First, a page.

Street vendors and farmers reaped sizeable profits from the 2022 Crop Over Festival although it was not a “bumper” season for them.
The heads of various farming and vendor associations reported a positive outcome and an uptick in sales during the annual summer festival that returned after a two-year hiatus, following the ease in restrictions that had been implemented as a result of COVID-19.
Vice-president of the Barbados Pig Farmers Co-operative Society Ltd David Catlyn told Barbados TODAY members saw increased sales, particularly from people who visited the island to take part in the festivities as well as from food vendors at various events.
He added that the demand for pudding and souse was also picking back up and the co-op’s membership was taking full advantage of that.
President of the Pig Farmers Association Henderson Williams said the season concluded on a high note for his members.
He said while statistics were not available at this time, “from a brief assessment of what we are seeing, there were increased sales”.
“The farmers are happy. It isn’t the bumper Crop Over ever held, given the anxiety and caution in relation to COVID-19, but it was a better [period] than last year,” Williams said.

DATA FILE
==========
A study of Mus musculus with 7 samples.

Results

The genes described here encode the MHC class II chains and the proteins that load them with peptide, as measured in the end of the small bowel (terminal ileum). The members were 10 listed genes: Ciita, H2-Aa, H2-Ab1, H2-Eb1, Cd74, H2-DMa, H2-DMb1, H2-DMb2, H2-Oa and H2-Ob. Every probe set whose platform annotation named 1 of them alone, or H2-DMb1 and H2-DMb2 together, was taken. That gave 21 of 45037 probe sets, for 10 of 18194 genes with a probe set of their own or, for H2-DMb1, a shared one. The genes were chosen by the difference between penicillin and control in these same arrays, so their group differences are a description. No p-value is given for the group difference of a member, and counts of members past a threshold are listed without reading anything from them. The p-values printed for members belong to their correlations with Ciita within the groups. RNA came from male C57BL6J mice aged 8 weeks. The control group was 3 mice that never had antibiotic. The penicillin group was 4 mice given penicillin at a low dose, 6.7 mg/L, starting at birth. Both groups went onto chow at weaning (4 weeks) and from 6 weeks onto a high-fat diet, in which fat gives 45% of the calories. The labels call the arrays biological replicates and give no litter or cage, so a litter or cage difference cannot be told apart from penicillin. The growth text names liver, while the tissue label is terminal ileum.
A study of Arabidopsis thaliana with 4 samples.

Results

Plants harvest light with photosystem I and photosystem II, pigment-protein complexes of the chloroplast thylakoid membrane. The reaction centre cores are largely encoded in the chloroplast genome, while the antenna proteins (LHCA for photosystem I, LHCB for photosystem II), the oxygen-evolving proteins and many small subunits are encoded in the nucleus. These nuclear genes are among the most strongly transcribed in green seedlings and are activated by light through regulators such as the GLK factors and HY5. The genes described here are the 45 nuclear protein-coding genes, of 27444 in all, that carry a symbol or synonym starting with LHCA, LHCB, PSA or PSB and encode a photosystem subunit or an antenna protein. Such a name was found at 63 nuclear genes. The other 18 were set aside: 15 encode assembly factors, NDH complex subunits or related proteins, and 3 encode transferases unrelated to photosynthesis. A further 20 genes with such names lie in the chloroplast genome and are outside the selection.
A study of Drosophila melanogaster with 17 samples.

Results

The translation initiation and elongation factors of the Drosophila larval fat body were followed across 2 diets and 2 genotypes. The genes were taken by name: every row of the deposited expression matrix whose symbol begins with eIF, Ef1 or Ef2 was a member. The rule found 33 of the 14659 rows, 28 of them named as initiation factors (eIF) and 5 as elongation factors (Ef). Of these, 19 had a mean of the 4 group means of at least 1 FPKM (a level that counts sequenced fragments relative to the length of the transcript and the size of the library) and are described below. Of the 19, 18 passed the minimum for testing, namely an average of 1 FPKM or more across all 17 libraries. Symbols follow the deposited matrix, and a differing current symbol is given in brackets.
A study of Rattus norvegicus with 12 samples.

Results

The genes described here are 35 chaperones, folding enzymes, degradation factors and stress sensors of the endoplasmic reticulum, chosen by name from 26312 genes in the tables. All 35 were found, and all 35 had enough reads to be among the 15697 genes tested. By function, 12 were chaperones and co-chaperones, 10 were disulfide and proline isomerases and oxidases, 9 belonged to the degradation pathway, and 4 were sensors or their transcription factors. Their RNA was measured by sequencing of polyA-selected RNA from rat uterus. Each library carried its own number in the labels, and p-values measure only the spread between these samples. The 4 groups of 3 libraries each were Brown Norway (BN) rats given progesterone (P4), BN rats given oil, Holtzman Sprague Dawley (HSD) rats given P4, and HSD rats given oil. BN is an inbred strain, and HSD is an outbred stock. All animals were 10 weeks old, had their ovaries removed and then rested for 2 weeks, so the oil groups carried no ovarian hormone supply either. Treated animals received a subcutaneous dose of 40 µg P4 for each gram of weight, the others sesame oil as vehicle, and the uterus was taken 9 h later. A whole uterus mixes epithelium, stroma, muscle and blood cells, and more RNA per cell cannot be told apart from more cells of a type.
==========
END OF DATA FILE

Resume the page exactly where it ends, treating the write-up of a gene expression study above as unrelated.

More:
President of the Barbados Egg and Poultry Producers Association Stephen Layne said it was a relatively good season with “small increases overall” in the poultry division.
However, he reported that one of the major egg producers reported a 50 per cent increase in sales, which he attributed to a spike in the production of bread and pastries to meet demands for the seasonal activities.
President of the Barbados Association of Retailers, Vendors and Entrepreneurs (BARVEN) Alister Alexander said that while there was some level of disappointment due to the change in the Grand Kadooment route, which did not offer as lucrative business opportunities as the original route, vendors were able to make “a little dollar”.
“With changes in anything there is always an uncertainty in business, but overall it would have been good. We had nothing in the past two years and it would have given people a lot of hope. Vendors were also pleased with the outcome of our Bridgetown market and are looking forward to another event of that nature,” he said.
Owner of B.A.R. Cutters food truck business Jamal Hall said it was a significant period for his business which catered for Foreday Morning and Kadooment bands.
He said business also picked up at major events such as The Republic Bank Pandemonium and The Reunion show.
“The last week was very good, we did pretty good. It wasn’t like previous years but I will take it as a win for us,” Hall said.
Owner of Street Pasta, Sherland Waithe said his offerings were “well received” at a number of events.
“There was a boost in sales. Everybody was out having fun and eating so we had a good Crop Over. It was something the economy needed and we also got the opportunity to build new clientele, network and market our product,” he said.